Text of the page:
Completed in 2004, Mark Yaffe’s Jacobean-style manor boasts 10 bedrooms, 13 bathrooms, a grand ballroom, a marble basketball court and 14 fireplaces. It went on the market in 2008 for $25 million but hasn’t sold despite huge price cuts.
Completed in 2004, Mark Yaffe’s Jacobean-style manor boasts 10 bedrooms, 13 bathrooms, a grand ballroom, a marble basketball court and 14 fireplaces. It went on the market in 2008 for $25 million but hasn’t sold despite huge price cuts.
Published Dec. 18, 2013

TAMPA — An Avila megamansion modeled after a 17th-century royal palace is now headed to the foreclosure auction block, the latest disgrace for gold dealer Mark Yaffe and what was once Tampa Bay's most expensive estate.

The 29,000-square-foot castle, which took seven years to build and went on the market in 2008 for $25 million, will become perhaps the biggest seizure from Yaffe, who bankruptcy trustees said used his National Gold Exchange, once one of the world's largest precious coin wholesalers, as a personal piggy bank.

Completed in 2004, the Jacobean manor boasts 10 bedrooms, 13 bathrooms, a grand ballroom, a marble basketball court and 14 fireplaces. Bidding for the mansion at an online auction next week will start at $100.

The palace, where 15,000 square feet of terraces pour across 6 acres of Tampa's lavish Avila enclave, has stood for years as a porcelain-white elephant of Yaffe's extravagance. The home's showpiece was a museum featuring his world-class collection of antique music machines.

The auction will come four years after Yaffe's firm, which once did about $500,000 worth of business every week, filed Chapter 11 bankruptcy under a $36 million mountain of debt.

Sovereign Bank, the gold exchange's largest creditor, told a bankruptcy court they suspected Yaffe had skimmed $10 million from his company to build the opulent estate.

A final judgment last month found the Yaffes still owed $10.5 million to Bank of America, including $8.8 million in loan principal, $1.2 million in interest and $380,000 in taxes and insurance.

For five years, luxury real estate agents have marketed the mansion worldwide to the ultra-elite. But the home never sold, and in March its price was slashed to a modest $12.9 million. The Yaffes' attorney did not respond to messages Monday.

If bids are too low at the Dec. 18 morning auction, the bank could choose to keep the mansion. The estate's final-judgment debt is twice as much as the 24 other foreclosed homes scheduled for auction that day, combined.

Through trade shows and Home Shopping Network sales, Yaffe, a college dropout, turned his and his brother's small Massachusetts coin and hobby store into an international juggernaut, with gold operations in Paris, London, Zurich and Brussels. In 2008, National Gold Exchange's sales peaked at $285 million.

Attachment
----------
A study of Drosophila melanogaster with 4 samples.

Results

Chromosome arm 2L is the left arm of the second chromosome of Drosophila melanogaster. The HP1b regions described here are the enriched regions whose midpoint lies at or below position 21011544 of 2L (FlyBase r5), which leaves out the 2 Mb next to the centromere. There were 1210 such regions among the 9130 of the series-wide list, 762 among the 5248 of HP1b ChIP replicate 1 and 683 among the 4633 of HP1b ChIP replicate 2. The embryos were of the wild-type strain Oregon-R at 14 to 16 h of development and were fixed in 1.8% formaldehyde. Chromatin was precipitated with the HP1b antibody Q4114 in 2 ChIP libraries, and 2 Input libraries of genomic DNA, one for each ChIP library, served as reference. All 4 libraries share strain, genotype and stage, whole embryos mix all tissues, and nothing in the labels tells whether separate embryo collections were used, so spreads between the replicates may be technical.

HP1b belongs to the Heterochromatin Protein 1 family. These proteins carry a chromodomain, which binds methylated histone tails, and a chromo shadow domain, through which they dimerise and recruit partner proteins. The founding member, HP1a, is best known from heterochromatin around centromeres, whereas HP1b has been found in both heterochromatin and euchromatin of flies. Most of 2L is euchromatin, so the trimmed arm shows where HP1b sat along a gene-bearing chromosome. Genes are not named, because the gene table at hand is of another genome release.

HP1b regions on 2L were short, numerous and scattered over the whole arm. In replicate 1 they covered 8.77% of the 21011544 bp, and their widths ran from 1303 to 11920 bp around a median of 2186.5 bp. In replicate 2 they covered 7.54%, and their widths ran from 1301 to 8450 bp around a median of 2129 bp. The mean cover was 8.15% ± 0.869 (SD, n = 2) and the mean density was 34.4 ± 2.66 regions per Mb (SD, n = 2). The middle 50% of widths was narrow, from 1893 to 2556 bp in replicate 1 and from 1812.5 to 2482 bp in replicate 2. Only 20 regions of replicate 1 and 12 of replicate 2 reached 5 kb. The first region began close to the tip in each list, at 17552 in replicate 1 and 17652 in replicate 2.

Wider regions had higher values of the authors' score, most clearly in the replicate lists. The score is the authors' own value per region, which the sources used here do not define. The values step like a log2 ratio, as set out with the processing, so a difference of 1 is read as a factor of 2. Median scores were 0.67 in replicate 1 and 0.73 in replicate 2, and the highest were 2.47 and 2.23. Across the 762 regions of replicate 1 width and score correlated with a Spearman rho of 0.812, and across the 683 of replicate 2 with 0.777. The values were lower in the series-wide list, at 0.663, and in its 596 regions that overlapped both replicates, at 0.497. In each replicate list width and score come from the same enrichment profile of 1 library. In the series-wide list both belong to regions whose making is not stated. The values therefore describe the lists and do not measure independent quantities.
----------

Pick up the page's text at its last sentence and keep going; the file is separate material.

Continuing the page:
But in filings in bankruptcy court, Miami bankruptcy trustee Joseph Luzinski said Yaffe routinely shuffled around his gold inventory to inflate their accounts; silently owned an "independent" coin grader to prop up values; funded personal coffers with "large sums of money" from the company account; and paid his wife and father $500,000 in two years of salaries for doing little to no work.

To evade detection of his "reckless and wasteful spending," Luzinski wrote, Yaffe filed false invoices and coached employees "to shred business documents on a daily basis."

In 2009, Sovereign Bank representatives showed up unannounced to check on the stores of gold named as collateral for Yaffe's $35 million line of credit. When they were nowhere to be found, the bank canceled his credit and seized $18 million worth of rare vault-stored coins and antique music machines.

Luzinski, who also served as trustee in the bankruptcy of NFL quarterback Michael Vick, said Yaffe's coin dealership "reaped the success of (his) business savvy as well as its failure caused by his greed." A bankruptcy settlement agreement was reached last year.

The mansion's winning bidder will need to post a 5 percent deposit before the sale and pay the rest of the bid within the next business day, a potentially monumental task.

But bank attorneys aren't exactly sure what to expect when bidding for the home begins. Drew Jenkins, a Bush Ross attorney representing Bank of America, said, "We'll have to see what the action is."

Contact Drew Harwell at (727) 893-8252 or dharwell@tampabay.com.